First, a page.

New Jersey Appellate Court Holds That Insurer’s Decision to Provide “Courtesy Defense” of Non-Covered Action Does Not Constitute Estoppel

In Northfield Ins. Co. v. Mt. Hawley Ins. Co., the New Jersey Superior Court, Appellate Division, examined a declaratory judgment action brought by a property owner’s insurer against a contractor’s liability insurer. The case arose from a roof installation performed by the contractor and a subcontractor at a hotel in the summer of 2012. Shortly after the work was completed, Superstorm Sandy struck the property, causing roof damage and water damage to the hotel’s interior. The hotel’s property insurer advised the contractor’s insurer of a potential claim. The contractor’s insurer rejected the claim, determining that the damage at issue was caused by winds, rather than construction defects.

Over a year later, the hotel owner and its insurer filed an action against the contractor and subcontractor, contending that the roof developed cracks and collapsed prior to Superstorm Sandy, due to the negligence of the contractor and subcontractor. The contractor’s insurer ultimately disclaimed coverage, citing late notice of the lawsuit; the fact that the lawsuit in part sought damages for replacement of the roof, which fell within the policy’s “your work” exception; and the breach of policy requirements that the policyholder enter into a defense and indemnification agreement with the subcontractor, and that the subcontractor name the policyholder as an additional insured under its policy. However, the insurer offered to provide a “courtesy defense” of the contractor under a reservation of rights. The policyholder did not respond to this letter.

The contractor’s insurer subsequently brought a declaratory judgment action against the hotel, its insurer, the contractor, and the subcontractor, seeking a judgment that it had no duty to defend and indemnify the contractor. The hotel’s insurer filed a motion for summary judgment, contending that the insurer was estopped from denying coverage because of its decision to provide a defense. The contractor’s insurer filed a cross-motion, stating that the evidence clearly established that the policyholder was not entitled to coverage due to the absence of a defense and indemnification agreement with the subcontractor. The trial court granted summary judgment in favor of the hotel’s insurer, finding that the contractor’s insurer was estopped from contesting coverage because it assumed the defense of the litigation without the contractor’s consent. The trial court denied the cross-motion for summary judgment brought by the subcontractor.

On appeal, the Court acknowledged that pursuant to New Jersey case law, an insurer’s decision to control the defense of litigation without the insured’s consent may estop the insurer from later denying coverage. However, the Court noted that in the present case, the insurer merely indicated that it was “willing” to provide a defense, which could plausibly be construed as an offer to provide a defense rather than a demand that it will control the defense. Accordingly, the policyholder’s failure to respond to the letter could be construed as an implied consent to the insurer’s offer to defend the case.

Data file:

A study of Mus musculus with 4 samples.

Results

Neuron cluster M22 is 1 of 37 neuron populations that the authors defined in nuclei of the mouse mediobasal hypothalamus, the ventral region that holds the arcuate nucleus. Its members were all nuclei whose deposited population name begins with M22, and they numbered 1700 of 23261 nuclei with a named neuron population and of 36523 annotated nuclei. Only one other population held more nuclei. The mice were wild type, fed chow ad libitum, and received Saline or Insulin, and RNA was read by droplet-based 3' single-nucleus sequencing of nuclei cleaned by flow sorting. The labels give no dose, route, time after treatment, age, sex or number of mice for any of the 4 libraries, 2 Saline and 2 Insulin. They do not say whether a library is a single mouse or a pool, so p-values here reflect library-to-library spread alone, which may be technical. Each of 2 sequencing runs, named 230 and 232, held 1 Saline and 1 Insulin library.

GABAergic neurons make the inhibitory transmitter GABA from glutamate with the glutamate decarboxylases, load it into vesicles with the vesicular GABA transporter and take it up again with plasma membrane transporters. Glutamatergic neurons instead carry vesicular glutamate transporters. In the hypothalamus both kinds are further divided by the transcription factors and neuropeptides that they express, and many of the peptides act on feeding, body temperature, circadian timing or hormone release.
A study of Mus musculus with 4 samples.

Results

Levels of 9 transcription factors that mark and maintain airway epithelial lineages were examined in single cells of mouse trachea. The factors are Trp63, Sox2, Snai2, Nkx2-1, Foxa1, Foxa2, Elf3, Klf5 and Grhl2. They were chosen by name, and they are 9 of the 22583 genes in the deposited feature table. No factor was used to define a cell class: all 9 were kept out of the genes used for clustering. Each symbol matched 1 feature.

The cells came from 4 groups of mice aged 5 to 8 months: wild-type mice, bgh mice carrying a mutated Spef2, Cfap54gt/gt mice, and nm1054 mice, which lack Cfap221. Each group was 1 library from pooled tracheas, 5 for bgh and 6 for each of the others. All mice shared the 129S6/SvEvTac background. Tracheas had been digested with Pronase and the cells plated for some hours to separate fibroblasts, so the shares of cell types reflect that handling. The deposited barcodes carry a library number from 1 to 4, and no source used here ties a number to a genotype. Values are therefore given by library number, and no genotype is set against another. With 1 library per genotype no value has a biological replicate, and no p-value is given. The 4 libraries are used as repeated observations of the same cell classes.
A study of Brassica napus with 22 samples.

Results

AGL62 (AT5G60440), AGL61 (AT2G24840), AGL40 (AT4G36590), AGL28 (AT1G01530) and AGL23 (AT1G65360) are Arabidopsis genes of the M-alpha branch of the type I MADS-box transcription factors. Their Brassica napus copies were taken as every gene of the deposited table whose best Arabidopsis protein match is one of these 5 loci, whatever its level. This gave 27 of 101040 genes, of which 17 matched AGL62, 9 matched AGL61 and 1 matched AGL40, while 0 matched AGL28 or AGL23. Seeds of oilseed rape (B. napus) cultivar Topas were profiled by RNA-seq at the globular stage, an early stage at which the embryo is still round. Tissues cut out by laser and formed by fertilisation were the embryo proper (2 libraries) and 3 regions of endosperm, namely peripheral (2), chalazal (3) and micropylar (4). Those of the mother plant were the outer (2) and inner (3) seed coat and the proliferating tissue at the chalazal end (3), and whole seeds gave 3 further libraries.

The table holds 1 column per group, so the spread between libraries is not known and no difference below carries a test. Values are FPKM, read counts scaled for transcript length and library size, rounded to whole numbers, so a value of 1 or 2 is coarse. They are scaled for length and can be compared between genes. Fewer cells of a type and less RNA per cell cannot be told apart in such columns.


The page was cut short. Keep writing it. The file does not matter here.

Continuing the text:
The Court further noted that even if the insurer had assumed the defense of the case without the insured’s consent, estoppel would only be found if the insurer acted with the intention of influencing the conduct of the insured, and if the insured indeed changed its position to its detriment in reliance upon the insurer’s actions. As the policyholder had ceased operations by the time that the insurer offered to defend the action, it was unlikely that either element was satisfied. The Court concluded that as there was insufficient evidence to establish that the contractor’s insurer controlled the defense without the policyholder’s consent and that the insurer’s actions resulted in the policyholder’s detrimental reliance, the hotel’s insurer was not entitled to summary judgment. The Court therefore reversed the trial court’s order granting summary judgment in the insurer’s favor.

As an aside, the Court noted that while New Jersey precedent clearly authorized an injured party to pursue a direct action against a liability insurer if the insured was insolvent, it is less clear whether the injured party would have standing to raise coverage issues concerning the relationship between the insurer and insured, such as estoppel. The Court left this issue to be addressed by the trial court on remand.

Finally, the Court affirmed the trial court’s denial of the cross-motion for summary judgment filed by the contractor’s insurer, holding that the trial court correctly determined that issues of fact existed regarding the relationship between the contractor and subcontractor, and the nature of any agreements between these parties.